Russia becomes Iran’s largest foreign investor: Iranian finance minister


Russia invested $2.76 billion in the Islamic Republic during the current financial year, which ended this week, Ehsan Khandouzi told the Financial Times. These investments were made in various sectors such as the industrial, mining and transport sectors, according to the minister.


He emphasized that China and Russia are Iran’s two main economic partners and that Tehran plans to expand its relations with them by implementing “strategic agreements.”

Regarding accusations by Ukraine and its Western allies that Iran has supplied Russia with armed drones for use in its war against Ukraine, Khandouzi said that the conflict was “unfortunate” for Iran. However, he did not respond when asked if Tehran received revenues from arms sales to Russia.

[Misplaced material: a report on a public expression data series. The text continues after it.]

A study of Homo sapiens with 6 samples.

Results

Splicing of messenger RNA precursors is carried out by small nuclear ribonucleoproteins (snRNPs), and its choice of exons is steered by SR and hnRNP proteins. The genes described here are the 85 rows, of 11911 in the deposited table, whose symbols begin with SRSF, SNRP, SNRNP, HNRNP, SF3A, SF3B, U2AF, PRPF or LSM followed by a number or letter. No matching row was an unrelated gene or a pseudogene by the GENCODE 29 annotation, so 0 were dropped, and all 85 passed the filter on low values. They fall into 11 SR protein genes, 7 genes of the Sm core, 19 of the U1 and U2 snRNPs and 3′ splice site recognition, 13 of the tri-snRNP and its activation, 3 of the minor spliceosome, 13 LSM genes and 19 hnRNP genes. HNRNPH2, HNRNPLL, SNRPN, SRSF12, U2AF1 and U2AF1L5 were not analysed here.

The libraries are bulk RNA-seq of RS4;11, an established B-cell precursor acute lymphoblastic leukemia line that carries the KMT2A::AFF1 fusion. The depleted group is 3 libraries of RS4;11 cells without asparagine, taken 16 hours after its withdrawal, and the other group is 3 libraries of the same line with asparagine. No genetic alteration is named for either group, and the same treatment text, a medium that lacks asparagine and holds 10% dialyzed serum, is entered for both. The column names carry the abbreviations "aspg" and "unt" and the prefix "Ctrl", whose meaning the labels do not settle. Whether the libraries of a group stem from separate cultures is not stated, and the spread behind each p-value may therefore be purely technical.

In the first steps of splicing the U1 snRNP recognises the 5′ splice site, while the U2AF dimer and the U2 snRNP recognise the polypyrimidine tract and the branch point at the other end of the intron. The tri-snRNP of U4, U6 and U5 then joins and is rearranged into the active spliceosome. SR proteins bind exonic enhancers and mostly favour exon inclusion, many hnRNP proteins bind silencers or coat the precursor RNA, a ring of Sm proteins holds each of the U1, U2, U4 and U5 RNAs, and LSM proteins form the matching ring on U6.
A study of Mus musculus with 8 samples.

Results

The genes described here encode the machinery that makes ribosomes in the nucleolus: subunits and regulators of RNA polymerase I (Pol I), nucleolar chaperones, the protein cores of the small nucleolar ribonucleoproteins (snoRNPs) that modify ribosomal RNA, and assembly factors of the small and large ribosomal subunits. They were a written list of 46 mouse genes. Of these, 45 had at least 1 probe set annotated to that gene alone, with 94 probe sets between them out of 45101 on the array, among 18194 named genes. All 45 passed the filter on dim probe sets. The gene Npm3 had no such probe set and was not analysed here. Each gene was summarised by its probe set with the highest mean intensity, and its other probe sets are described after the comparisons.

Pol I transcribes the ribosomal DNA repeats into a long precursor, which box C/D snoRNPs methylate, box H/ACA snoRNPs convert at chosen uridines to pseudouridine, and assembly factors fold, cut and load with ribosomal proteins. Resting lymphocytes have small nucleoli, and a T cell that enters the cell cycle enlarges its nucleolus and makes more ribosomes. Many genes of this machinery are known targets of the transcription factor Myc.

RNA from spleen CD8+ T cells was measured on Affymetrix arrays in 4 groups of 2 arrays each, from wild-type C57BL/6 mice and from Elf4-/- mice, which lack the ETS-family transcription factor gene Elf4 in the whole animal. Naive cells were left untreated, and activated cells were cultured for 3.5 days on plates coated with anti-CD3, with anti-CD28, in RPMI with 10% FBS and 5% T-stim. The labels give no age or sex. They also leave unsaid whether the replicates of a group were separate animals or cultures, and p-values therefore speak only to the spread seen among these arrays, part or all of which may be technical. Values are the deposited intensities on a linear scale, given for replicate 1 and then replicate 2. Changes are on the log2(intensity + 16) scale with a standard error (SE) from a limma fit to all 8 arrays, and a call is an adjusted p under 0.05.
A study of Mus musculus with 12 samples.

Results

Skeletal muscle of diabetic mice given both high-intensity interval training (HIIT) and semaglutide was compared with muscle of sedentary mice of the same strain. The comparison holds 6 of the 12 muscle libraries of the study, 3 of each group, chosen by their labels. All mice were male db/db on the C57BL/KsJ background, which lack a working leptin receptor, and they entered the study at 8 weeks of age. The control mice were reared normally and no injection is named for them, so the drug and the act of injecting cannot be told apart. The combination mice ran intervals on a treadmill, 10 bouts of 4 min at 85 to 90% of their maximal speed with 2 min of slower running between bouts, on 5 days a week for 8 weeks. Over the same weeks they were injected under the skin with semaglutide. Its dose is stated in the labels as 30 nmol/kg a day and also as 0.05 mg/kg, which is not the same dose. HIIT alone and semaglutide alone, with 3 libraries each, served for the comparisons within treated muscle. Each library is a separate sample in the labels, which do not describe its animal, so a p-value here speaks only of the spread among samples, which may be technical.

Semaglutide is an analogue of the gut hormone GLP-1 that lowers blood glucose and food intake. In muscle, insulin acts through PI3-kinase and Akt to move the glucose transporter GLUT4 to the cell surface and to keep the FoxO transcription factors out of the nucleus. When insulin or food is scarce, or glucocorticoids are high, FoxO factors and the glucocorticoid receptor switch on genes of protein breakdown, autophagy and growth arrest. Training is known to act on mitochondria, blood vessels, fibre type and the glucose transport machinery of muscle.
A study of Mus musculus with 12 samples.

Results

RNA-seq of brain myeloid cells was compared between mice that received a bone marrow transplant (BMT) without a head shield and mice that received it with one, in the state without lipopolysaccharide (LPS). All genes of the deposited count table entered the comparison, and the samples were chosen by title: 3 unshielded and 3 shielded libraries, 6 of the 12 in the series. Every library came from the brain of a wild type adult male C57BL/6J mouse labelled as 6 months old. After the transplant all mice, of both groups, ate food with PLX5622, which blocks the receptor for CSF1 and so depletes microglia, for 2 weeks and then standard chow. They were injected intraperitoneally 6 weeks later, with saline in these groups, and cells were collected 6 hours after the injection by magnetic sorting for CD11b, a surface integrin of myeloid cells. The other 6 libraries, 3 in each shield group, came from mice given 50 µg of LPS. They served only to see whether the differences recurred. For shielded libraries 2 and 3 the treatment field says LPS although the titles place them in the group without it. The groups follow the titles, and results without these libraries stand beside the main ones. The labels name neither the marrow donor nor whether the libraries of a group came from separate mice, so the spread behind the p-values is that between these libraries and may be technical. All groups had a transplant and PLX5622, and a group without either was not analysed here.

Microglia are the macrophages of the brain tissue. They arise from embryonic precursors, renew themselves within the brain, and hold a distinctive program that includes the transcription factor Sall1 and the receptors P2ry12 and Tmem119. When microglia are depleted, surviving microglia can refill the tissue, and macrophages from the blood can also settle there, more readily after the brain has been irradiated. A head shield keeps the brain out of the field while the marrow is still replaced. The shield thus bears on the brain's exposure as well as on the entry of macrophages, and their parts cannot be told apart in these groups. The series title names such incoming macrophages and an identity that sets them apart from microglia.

On Tuesday, Iran’s Supreme Leader Ali Khamenei rejected these accusations and instead accused the United States of starting the conflict in Ukraine and profiting from it.

Deputy Governor of Iran’s Central Bank, Mohsen Karimi, said in January that Iran and Russia had connected their interbank communication and transfer systems to help boost trade and financial transactions.

Since the US reimposed sanctions on Iran in 2018, the country has been disconnected from the Belgium-based SWIFT financial messaging service, a key international banking access point.

Some Russian banks have also faced similar limitations since Moscow’s invasion of Ukraine last year.

The sanctions have limited Iran’s ability to attract foreign investment, with Afghanistan being the second-largest foreign investor after Russia, investing $315 million, according to data from Iran’s finance ministry cited by the Financial Times.

Chinese investment was just $131 million, behind Iraq and the United Arab Emirates, suggesting that it is not only Western businesses that are hesitant to do business in Iran.